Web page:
Park City considers arts district funding options

Park City officials broached the idea of asking voters to approve a ballot measure to pay for an arts and culture district in Bonanza Park, depicted in this rendering, through a property-tax increase.
Courtesy of Lake Flato Architects

Park City this week broached the concept of asking voters to approve a ballot measure to raise funds to develop an arts and culture district through a property-tax increase.

Mayor Andy Beerman and the Park City Council held two discussions about the future of a district that is envisioned on City Hall land along Bonanza Drive and Kearns Boulevard. The Sundance Institute and the Kimball Art Center are seen as the anchors, and the project also would involve a significant amount of workforce or otherwise restricted housing and transportation infrastructure.

There has appeared to be widespread community support for the development of a district, with backers saying arts and culture are ingrained in the community and that a district could help diversify the local economy from one that is heavily reliant on the ski industry and related sectors. There has also been broad support over the years for City Hall’s housing program, which is designed to offer options to people who are otherwise priced out of Park City’s resort-driven real estate market.



But the talks are unfolding amid the economic uncertainty caused by the continued spread of the novel coronavirus and the expectation of reduced City Hall revenues as a result of the pandemic.

The concept of putting a ballot measure to voters to cover some of the costs of the project was mentioned during the talks this week. It was not heavily debated nor was a straw poll taken of the City Council, though, and it is unclear whether the elected officials will move forward with further discussions or study of the concept. A ballot measure would essentially ask voters to approve the issuance of general obligation bonds that would be repaid via an increase in property taxes. City Hall staffers have not proposed a ballot measure as an option.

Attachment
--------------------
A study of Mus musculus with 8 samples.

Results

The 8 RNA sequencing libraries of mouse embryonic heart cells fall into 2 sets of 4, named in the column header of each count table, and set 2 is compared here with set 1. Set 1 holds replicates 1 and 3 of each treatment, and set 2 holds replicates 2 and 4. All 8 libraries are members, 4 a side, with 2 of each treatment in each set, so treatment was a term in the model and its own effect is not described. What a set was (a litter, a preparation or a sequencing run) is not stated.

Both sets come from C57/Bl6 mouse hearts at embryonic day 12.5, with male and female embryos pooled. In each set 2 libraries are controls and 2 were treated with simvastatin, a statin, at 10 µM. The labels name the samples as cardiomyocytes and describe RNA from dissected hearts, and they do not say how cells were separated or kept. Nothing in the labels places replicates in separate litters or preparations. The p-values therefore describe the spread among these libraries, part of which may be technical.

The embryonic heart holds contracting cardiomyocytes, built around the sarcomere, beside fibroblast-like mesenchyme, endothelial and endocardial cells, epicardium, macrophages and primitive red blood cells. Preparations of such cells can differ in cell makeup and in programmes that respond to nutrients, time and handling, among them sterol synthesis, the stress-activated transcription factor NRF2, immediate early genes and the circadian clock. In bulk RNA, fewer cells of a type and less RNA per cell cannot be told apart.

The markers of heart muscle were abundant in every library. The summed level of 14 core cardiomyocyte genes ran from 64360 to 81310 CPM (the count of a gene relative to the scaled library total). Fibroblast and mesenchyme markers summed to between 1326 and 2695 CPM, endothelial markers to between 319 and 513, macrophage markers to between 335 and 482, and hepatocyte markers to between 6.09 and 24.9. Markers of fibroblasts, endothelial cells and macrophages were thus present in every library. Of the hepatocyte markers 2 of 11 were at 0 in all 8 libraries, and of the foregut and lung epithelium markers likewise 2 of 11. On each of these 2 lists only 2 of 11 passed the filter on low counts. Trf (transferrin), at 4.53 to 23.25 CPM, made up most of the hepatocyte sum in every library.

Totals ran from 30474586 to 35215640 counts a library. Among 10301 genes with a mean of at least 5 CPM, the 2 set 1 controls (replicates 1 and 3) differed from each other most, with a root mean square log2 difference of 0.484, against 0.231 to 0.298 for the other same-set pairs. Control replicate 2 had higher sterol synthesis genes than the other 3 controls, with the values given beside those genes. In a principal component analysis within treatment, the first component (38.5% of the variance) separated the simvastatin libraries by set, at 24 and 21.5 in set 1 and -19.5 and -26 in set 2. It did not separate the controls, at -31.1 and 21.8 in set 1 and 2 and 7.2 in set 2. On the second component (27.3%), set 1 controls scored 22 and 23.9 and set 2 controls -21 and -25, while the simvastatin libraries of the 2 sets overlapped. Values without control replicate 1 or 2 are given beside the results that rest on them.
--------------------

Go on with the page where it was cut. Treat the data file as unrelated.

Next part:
The City Hall portion of the project is estimated at $88.4 million. The municipal government would recoup some of the monies through the sale of land to the Kimball Art Center and Sundance. Those deals are estimated to eventually bring in a little more than $6.8 million combined. City Hall would also generate revenues through leases of the housing units, with those funds being put toward future housing projects. Other sources could include funds that have or will be collected through a tax on lodging as well as through repurposing extra capital funds already in the municipal budget.

It is unclear what sort of dollar figure could be attached to a ballot measure should one be pursued.

Additional discussions are slated for early January and then later that month. The City Council in January will likely consider a resolution regarding funding sources for the district. The timeline after the January meetings is unclear.

A ballot measure involving an increase in property taxes would follow in the years after Park City voters overwhelmingly approved tens of millions of dollars in tax hikes to acquire the Treasure and Bonanza Flat acreage in conservation deals. Voters have backed a series of other ballot measures as well.

The upcoming discussions, though, could offer a rare test of the community’s longtime support of City Hall spending. The talks will be held with an elevated unemployment rate in Summit County and with economic numbers during the ski season expected to drop.